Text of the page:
I believe that there is no CGT to pay while they were living there and that one or both of them may qualify for letting allowance but I’m not sure. Also I believe the shop should be treated separately for CGT purposes even though it was not sold as a business owned by my father (his business ceased in 1987). How should the CGT be split between the shop and residential accommodation - one third to two thirds?
I’m a bit stuck with this so any help gratefully received.
Hello, I am Keith, one of the experts on Just Answer, and pleased to be able yo help you with your question. You pretty well have it to a T, John. For the time they lived there Private Residence (PRR) applies to the flat which is at 100% of any tax. For the shop CGT applies for the entire period irrespective of whether your father was still in business. You have to split the shop from the living accommodation. It is possible that for the shop Entrepreneur's Relief may apply which limits the CGT to a 10% flat rate instead of the normal 18% or 28% or a combination of the two rates depending on the income including the gain in the tax year of sale. CGT will apply to the flat in proportion to the total ownership time in months (A) and the unoccupied ditto (B). To B take off 18 as owners are deemed to be in occupation for the last 18 months of ownership even if this is not the case. As they occupied before letting out then an entitlement to Lettings Relief (LR) may well apply and, in any event, everyone is entitled to an Annual Exempt Allowance (AEA) of 11.1K to offset any gain. You don't get both AEA and LR, just one or the other. I do hope that I have cleared the air for you in this matter.
Customer: replied 2 years ago.
Hello Keith. Thanks for the answer and I have a couple of clarifications please.
1. The lease was sold for the whole building so how do I divide the capital gains between the shop and the rest? Can I do it by floors I.e. A ration of 1:2 for shop to living accommodation?
2. Are both my parents entitled to LR individually or is it applied just once for the property?
3. Can you please confirm my understanding of your email that I can not claim both LR and thei AEA? I have seen other examples on money websites where both are taken into account.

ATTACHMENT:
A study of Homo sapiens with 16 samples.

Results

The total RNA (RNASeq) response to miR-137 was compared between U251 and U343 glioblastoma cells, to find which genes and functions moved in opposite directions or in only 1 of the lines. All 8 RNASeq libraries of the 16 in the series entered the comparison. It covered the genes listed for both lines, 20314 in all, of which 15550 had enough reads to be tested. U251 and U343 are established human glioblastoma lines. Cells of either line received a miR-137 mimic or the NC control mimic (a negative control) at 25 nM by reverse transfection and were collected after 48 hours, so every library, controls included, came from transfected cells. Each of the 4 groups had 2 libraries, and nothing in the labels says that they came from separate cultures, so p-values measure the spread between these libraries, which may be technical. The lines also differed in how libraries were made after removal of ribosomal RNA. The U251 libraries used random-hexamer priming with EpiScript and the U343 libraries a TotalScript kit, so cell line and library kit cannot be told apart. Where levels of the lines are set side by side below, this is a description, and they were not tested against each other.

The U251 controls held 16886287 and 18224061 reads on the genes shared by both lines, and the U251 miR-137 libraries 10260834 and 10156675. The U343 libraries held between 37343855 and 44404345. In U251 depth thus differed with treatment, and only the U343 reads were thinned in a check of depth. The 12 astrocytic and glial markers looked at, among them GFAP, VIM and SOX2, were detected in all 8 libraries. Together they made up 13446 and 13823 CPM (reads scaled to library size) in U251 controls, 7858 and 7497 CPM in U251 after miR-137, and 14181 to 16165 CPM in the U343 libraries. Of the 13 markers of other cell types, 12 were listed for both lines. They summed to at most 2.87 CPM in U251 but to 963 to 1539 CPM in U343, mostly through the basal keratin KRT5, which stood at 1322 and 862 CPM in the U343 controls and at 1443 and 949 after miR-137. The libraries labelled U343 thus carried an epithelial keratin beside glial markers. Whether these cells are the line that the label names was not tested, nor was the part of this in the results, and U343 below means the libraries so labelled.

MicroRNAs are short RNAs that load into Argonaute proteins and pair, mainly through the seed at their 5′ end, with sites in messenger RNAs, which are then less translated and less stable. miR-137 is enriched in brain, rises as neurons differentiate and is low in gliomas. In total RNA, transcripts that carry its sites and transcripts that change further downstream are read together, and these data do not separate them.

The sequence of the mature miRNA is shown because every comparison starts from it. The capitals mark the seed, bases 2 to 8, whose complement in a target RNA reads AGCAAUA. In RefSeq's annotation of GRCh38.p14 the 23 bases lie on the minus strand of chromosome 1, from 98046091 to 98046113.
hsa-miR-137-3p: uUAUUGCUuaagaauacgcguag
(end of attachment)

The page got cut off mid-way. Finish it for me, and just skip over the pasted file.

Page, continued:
Thanks for your help.

Well, you could do it this way, but I suspect that HMRC might challenge the valuation. Were the whole building all residential that approach might work, but with an element of commercial premises that routine won't wash.

If both parents receive the rent which would be the case in a Joint tenancy [the legal term for joint ownership] then they would both be entitled to LR. LR is, of course, not always the maximum of 40K, but depends upon the actual rental received.

You are correct; you can have AEA and Lettings Relief. What you cannot have is AEA and Entrepreneurs' Relief; you cannot have both. This could cause a significant difference between you father and his spouse in their CGT affairs as she was not the business person in the matter. My mix up, sorry.

Customer: replied 2 years ago.
Again thank you. Just three final questions please.
1. I do not think my father is eligible for entrepreneurs relief as he has now sold more than 3 years after closing his business (in 1987). Is this correct?
2. Is my mother still eligible for LR even though they had moved out before she was added to the lease? She did receive her portion of the rent as you mentioned.
3. I intend to split the CG accrued by each parent according to the proportion of time they have been named on the lease. I.e. Just my father until 1994 and then split equally from then on. I hope this would be acceptable to HMRC?
Again thank you.
Here is the exact advice from the Gov UK web site:
'You must make a claim to HMRC in writing by the first anniversary of the 31 January following the end of the tax year in which the qualifying disposal takes place, that is one year and 10 months from the end of the tax year in which the qualifying business disposal is made. For a qualifying business disposal in the tax year 2014 to 2015 (ending on 5 April 2015) a claim for Entrepreneurs’ Relief must therefore be made by 31 January 2017.'
Your father would appear to be out of time for ER.
I am sorry, I misread 84 for 94, so she has no entitlement to LR.
HMRC will probably accept this. My gut feeling is that you may in the end have to engage a trusted, local professional to negotiate with HMRC on this matter.